Technology continues to add complexity to how lawyers must manage their practice. You would have to have been living on another planet for the past year not to have heard about the problem of using the wrong server to manage your email. By now you have hopefully reviewed your email usage and kept your client communications secure.
However, it is not only your domain that you should attend to. You probably receive email from friends, clients, potential clients, and so on, with domain names of large commercial entities such as “gmail.com” or “aol.com.” You also receive email with domain names such as “company.com,” “school.edu,” or “subject.net.” You probably do not pay much attention to the domain name of the sender.
Perhaps you should. The recent New York slip opinion, Matter of Peerenboom v. Marvel Entertainment LLC (31957U, Sept 30, 2016), has received some popular attention. In this case, Peerenboom (“P”) sued Q for defamation. Q was employed by Marvel and sent and received email from his work account, including emails to and from his attorney. P served a subpoena on Marvel to obtain material Marvel may have regarding the alleged defamation. Q intervened and objected on the grounds that some of the email communications were privileged.
P countered on the grounds that Q waived all privilege since he was employed by Marvel, and the Marvel employee handbook stated that “hardware, software, e-mail, voicemail, intranet and Internet access, computer files and programs–including any information you create, send, receive, download or store on Company assets–are Company property, and [it] reserve[s]s the right to monitor their use, where permitted by law to do so.”
The court engaged in a broad review of the law of privilege in New York, but the key holdings for purpose of this column are: (1) ‘[t]he use of one’s own personal home computer to communicate with an attorney on a private, unencrypted e-mail account does not vitiate the attorney-client privilege …,” and (2) “use of a proprietary e-mail system, subject to an employer’s computer usage policy such as the one adopted by Marvel, constitutes a waiver of any privilege that can otherwise be unilaterally asserted.…”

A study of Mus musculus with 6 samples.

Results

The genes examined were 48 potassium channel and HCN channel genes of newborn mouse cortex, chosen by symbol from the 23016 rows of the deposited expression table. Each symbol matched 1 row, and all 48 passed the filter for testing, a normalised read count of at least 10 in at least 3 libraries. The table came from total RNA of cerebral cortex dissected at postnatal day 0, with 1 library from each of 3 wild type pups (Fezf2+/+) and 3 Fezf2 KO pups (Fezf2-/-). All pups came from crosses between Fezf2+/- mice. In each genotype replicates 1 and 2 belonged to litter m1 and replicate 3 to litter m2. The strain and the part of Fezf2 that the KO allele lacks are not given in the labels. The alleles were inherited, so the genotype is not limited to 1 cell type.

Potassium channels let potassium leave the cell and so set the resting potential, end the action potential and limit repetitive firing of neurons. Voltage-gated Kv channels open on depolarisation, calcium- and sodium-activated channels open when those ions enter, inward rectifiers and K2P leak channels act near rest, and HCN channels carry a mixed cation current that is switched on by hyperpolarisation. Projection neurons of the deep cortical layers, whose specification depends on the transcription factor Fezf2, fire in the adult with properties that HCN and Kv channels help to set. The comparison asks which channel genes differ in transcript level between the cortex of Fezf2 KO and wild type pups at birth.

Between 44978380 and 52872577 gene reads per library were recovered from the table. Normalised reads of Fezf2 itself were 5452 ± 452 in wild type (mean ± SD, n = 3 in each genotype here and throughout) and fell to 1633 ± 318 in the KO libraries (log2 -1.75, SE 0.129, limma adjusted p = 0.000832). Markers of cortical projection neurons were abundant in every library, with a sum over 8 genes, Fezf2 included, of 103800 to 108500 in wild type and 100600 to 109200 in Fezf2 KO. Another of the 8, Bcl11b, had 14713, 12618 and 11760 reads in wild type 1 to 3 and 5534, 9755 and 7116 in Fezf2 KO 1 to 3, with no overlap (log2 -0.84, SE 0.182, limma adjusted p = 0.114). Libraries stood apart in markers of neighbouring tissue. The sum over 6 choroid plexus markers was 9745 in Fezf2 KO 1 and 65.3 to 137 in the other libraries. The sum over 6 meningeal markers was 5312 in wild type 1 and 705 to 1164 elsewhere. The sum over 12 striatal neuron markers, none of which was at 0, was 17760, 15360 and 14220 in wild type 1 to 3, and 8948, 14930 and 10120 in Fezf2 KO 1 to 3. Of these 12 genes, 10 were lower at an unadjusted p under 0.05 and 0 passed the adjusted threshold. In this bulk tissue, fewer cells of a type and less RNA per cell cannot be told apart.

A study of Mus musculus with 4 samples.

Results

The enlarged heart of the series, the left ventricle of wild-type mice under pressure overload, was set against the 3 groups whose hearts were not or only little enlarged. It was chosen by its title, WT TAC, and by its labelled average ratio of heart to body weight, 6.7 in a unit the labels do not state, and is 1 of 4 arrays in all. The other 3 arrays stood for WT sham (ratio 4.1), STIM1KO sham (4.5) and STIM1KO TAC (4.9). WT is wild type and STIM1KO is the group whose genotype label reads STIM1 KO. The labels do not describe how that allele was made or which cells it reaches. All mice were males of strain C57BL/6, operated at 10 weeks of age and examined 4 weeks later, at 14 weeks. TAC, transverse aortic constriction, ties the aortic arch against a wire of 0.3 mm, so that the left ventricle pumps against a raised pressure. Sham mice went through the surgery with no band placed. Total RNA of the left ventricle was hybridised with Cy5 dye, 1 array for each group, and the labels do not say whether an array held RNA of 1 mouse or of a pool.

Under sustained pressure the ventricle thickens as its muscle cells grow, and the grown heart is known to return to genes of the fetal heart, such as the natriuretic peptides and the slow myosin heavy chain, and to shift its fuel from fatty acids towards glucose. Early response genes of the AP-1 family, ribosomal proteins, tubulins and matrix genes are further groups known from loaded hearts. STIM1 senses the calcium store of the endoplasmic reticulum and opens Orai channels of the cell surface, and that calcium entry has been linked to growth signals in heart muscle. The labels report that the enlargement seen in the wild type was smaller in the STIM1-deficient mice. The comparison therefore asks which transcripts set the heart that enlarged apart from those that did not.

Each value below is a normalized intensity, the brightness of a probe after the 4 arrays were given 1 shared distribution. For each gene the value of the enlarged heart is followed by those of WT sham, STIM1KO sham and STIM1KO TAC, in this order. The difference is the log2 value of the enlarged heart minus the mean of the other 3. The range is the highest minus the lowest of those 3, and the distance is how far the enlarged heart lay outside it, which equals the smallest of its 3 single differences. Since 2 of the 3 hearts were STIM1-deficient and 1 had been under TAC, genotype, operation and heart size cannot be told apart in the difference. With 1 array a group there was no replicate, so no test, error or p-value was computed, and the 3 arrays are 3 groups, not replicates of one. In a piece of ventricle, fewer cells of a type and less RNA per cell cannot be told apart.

Many (if not most) employers have language similar to that of Marvel’s in their employee handbooks. In fact, many (if not most) have language when you log in that says the equivalent of “everything on this computer system is ours, none of it is yours.”
So what is the lawyer to do? The first thing is to pay attention to the client’s e-mail domain name. A clear warning sign is if it is “company.com”, especially if the client is emailing about a work related issue. Even “school.edu” could be a significant issue, depending on the facts. However, in any case it would be wise to ask the client whose email account he or she is using, and what service or server is being used. Be sure that the client is using a personal account and not one that is owned or controlled by a third party.
As a footnote to this column, nothing you put on a server connected to the Internet or in the cloud is reliably secure. Earlier in the digital era, this column suggested that anything that was really confidential should be kept on paper in a locked file. Developments over the past few years have only reinforced this advice.